Friday, May 05, 2006

John Armstrong: Rattled by unprecedented and malicious leak

While maintaining an air of composure, the Government will be rattled by the leaking of confidential Cabinet papers to Telecom.

Understandably so. On the scales of political and commercial sensitivity, this leak is right off the dial.

There appears to be an enemy within. That is worrying enough.

While Labour has not been damaged so far, there is the other worry that the State Services Commission inquiry confirms the leaker is a public servant or political adviser working in a ministerial office in the Beehive, rather than some anonymous official based inside a large Government department.

That would be highly embarrassing for the affected minister - and could even raise the prospect of resignation if procedures for handling sensitive documents in his or her office are deemed to have been lax.

National is demanding Communications Minister David Cunliffe resign because the Cabinet paper went out under his name. That is a pretty harsh call, given the paper was in the hands of all ministers last Friday and was not received by Telecom until Wednesday.

However, the Opposition is right in underlining the serious nature of this leak, which is thought to be unprecedented.

Sir Roger Douglas offered to resign as finance minister in 1986 after his office mailed Budget documents to news media organisations ahead of Budget day. That was a bureaucratic botch-up. This leak was malicious.

The closest comparison may be the 2001 case of a consultant working for the Treasury who leaked potentially sensitive information about the business plan of the yet-to-be-established Kiwibank to Act's Rodney Hide.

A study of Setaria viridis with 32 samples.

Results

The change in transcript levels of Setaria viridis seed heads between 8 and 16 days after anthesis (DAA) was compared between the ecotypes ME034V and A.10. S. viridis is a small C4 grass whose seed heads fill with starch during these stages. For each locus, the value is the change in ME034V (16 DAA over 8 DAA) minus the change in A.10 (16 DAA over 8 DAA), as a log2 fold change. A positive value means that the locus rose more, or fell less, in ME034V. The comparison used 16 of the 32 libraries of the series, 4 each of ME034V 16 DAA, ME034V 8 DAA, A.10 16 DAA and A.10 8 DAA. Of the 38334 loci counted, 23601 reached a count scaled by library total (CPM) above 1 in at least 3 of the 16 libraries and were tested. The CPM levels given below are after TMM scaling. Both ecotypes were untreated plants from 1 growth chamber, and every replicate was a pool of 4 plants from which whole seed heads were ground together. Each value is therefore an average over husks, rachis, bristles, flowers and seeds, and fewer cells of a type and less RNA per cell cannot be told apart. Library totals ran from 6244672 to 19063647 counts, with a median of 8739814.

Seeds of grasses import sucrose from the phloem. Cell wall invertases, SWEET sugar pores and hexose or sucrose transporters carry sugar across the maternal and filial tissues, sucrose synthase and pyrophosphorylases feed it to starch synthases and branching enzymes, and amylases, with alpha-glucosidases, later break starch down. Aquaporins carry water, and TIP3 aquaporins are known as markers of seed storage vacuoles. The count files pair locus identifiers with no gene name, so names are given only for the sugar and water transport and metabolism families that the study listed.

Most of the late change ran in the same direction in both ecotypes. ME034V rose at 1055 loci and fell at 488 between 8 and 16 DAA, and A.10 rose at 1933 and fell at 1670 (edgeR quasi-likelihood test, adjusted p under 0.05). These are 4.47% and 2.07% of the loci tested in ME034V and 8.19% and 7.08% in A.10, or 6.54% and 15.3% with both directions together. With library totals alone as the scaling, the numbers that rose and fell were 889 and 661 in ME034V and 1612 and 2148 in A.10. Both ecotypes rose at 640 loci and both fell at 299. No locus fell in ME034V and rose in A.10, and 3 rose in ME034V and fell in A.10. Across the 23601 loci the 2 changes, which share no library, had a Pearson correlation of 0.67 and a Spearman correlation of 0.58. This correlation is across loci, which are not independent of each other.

However, the current case is more serious for involving Cabinet papers, which are deemed sensitive by definition and whose circulation is subject to strict rules.

The Telecom paper was doubly sensitive for being Budget-related. Moreover, it contained information of the highest commercial sensitivity which was bound to impact negatively on the share price of one of the country's largest companies with tens of thousands of shareholders.

There is the question of motive. Was it some official who believed opening Telecom to more competition was bad policy?

Or was the leak an effort to sabotage the Budget?

Or was there a financial motive which saw the perpetrator benefit personally through insider trading?

If the leak was politically motivated, the perpetrator would more likely have handed the document to the Opposition in order to embarrass the Government.

The Prime Minister is said to be running the full gamut of emotions from fury to apoplexy, demanding the leaker be caught post-haste and summarily sacked.

The list of ministers and officials who would have had a copy or access to one are thought to number around 50.

There seems to be no obvious reason why a minister would have leaked the paper as that would have cut across Labour's Budget strategy.

Helen Clark is not so worried that the Government's decision to boost uptake of broadband has become public earlier than planned as the announcement has had plenty of positive exposure. But she hates leaks. She is a stickler for discipline. Leaks are a sign of lax discipline. Leaks of this scale help the Opposition paint a picture of a Government at war with itself and not in control.

The Prime Minister was already on the warpath following a couple of recent minor leaks from the Labour caucus.

Whatever the State Services Commission uncovers, you can guarantee there will be some stern lectures to the troops from on high.